SYDNEY (Reuters) - Millions of new HIV infections in Africa could be avoided if more men were circumcised, an International AIDS Society conference was told on Tuesday.
Studies in Africa have found that male circumcision, the world’s oldest surgical procedure dating back to 2300 BC, reduces HIV transmission from females to males by 60 percent.
Universal circumcision could avert 2 million new infections and 300,000 deaths in sub-Saharan Africa over 10 years, said Professor Robert Bailey from the School of Public Health at the University of Illinois in Chicago.
“If we had a vaccine that was 60 percent protective we would be very happy and rolling it out as fast as possible,” Bailey told the IAS conference in Sydney.
“But no one stands to profit from male circumcision — no one but the 4,000 in Africa who will be infected tomorrow.”
Africa is the epicenter of the AIDS epidemic. South Africa has an estimated 5.5 million people with HIV and is struggling to stem the spread of the disease in the general population.
But African nations such as Cameroon and Nigeria, where circumcision is common, have a much lower rate of HIV infection than Zimbabwe and Swaziland where there is little circumcision.
The idea of using circumcision as a weapon against AIDS emerged after studies in Uganda, Kenya, Malawi, Zambia and the United States found the potential to significantly reduce infections, said Bailey, adding the World Health Organisation has now endorsed circumcision as a disease prevention method.
“The challenge ahead for us is how to roll out circumcision safely ... and to persuade leaders in countries that it is going to help their populations,” Bailey told a news conference.
“Circumcision is not just simply a surgical procedure. Its tied up in a complex web of cultural and religious practices and beliefs,” he added.
“It’s not easy for politicians and ministers of health to quickly come out in favor of circumcision in countries where circumcision is not traditionally practiced.”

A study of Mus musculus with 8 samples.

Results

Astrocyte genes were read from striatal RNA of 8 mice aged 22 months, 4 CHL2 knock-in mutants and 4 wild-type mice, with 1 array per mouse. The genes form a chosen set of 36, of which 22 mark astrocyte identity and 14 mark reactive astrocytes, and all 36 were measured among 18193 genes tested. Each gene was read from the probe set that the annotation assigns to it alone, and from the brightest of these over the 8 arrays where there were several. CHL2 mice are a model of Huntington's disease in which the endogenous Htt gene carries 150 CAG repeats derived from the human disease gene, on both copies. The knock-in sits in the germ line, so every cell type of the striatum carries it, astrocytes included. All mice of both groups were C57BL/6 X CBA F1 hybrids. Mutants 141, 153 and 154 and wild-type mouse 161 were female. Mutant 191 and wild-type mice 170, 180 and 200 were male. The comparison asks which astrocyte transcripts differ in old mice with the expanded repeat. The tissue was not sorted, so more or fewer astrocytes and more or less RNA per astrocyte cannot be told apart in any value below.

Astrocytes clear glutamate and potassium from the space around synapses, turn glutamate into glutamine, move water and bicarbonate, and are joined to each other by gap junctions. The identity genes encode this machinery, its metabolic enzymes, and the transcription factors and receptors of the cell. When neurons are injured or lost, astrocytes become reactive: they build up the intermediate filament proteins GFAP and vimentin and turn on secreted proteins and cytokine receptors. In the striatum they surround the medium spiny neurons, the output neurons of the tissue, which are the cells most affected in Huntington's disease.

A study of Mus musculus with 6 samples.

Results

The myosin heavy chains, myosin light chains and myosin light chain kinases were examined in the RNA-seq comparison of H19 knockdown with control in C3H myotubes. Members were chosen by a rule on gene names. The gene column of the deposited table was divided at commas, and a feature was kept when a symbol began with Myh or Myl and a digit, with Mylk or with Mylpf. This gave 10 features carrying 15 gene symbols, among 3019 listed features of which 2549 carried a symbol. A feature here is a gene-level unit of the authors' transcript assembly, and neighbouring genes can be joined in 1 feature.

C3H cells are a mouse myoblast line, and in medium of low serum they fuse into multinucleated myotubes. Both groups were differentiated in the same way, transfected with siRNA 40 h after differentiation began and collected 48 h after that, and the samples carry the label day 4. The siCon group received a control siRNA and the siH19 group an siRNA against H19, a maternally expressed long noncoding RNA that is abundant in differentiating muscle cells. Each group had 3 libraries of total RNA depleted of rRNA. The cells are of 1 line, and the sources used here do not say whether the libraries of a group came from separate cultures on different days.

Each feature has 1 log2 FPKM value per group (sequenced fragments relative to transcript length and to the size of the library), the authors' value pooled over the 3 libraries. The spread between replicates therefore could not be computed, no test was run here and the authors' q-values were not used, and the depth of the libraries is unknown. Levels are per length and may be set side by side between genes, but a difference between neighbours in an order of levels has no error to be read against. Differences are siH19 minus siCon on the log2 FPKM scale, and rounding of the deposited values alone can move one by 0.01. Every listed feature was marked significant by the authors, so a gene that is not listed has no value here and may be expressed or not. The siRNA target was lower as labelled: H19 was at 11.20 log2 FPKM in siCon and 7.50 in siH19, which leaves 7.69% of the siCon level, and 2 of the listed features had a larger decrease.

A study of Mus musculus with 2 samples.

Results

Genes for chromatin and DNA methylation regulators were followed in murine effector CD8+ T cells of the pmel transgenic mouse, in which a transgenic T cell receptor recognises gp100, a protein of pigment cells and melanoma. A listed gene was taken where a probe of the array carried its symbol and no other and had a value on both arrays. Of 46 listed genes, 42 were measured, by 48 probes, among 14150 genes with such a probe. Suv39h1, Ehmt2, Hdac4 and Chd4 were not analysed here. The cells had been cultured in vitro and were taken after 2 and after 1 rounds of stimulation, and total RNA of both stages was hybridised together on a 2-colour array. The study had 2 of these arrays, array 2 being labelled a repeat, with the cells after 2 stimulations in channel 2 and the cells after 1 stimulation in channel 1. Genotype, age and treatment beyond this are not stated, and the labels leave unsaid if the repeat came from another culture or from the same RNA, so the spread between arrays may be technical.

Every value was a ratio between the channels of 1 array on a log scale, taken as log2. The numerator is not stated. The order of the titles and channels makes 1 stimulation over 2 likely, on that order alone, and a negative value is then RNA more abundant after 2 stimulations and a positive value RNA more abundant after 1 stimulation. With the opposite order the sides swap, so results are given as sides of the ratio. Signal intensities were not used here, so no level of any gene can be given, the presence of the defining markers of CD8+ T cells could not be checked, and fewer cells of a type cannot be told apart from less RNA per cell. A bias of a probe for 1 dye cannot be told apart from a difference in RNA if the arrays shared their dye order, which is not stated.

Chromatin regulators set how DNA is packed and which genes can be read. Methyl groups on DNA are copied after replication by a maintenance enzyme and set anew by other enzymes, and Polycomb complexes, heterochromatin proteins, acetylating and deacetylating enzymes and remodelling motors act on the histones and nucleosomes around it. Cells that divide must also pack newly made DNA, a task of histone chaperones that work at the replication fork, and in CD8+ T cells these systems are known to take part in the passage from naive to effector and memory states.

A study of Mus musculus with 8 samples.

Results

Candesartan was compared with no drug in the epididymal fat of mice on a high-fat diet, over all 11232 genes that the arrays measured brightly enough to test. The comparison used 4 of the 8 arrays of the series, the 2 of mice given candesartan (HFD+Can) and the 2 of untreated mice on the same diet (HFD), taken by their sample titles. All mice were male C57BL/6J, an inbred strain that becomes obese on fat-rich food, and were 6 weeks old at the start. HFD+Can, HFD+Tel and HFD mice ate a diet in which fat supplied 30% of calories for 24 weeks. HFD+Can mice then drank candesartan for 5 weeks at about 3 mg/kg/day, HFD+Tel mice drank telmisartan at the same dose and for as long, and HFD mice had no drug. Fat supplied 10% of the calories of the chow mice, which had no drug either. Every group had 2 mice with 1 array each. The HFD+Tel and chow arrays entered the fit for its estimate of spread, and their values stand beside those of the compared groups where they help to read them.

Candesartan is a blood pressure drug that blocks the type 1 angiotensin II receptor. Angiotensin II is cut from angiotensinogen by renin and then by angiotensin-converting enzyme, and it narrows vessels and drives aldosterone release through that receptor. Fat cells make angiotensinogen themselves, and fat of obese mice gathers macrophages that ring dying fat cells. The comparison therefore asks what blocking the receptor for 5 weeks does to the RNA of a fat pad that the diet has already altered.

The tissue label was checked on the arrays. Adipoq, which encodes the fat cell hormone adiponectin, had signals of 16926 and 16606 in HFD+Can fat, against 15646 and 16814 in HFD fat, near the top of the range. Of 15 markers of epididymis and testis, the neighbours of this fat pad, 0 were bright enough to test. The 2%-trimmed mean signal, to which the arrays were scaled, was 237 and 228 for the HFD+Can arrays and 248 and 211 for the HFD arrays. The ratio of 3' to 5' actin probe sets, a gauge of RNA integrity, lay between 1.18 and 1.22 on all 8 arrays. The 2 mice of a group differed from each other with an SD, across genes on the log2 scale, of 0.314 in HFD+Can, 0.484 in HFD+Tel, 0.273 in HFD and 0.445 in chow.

Bailey said aid organizations would not offer the service until local governments endorsed it, for fear of being seen as culturally insensitive.
Women in African nations are expected to be the drivers behind using circumcision to stop HIV infection as they are traditionally associated with ensuring hygiene in communities.
“Women, more than men, equate circumcision with improved hygiene,” said Bailey.
“It’s often up to women to provide the water, the soap and the materials for men to bathe and cleanse themselves. Many of the women complain the men are not as clean as they could be.”
Circumcision should not be seen by men as their only preventative measure against HIV and must still be combined with safe sex practices. Condom use should still be encouraged.
“It’s very important not to view this as a standalone surgical procedure,” said Bailey.
Many Africans were already seeking circumcision to try and stop the spread of HIV, but many were suffering medical complications because of poor procedures.
There also was some evidence that circumcision may help prevent infection between homosexual men, with one study in Uganda showing a 30 percent reduction in infection.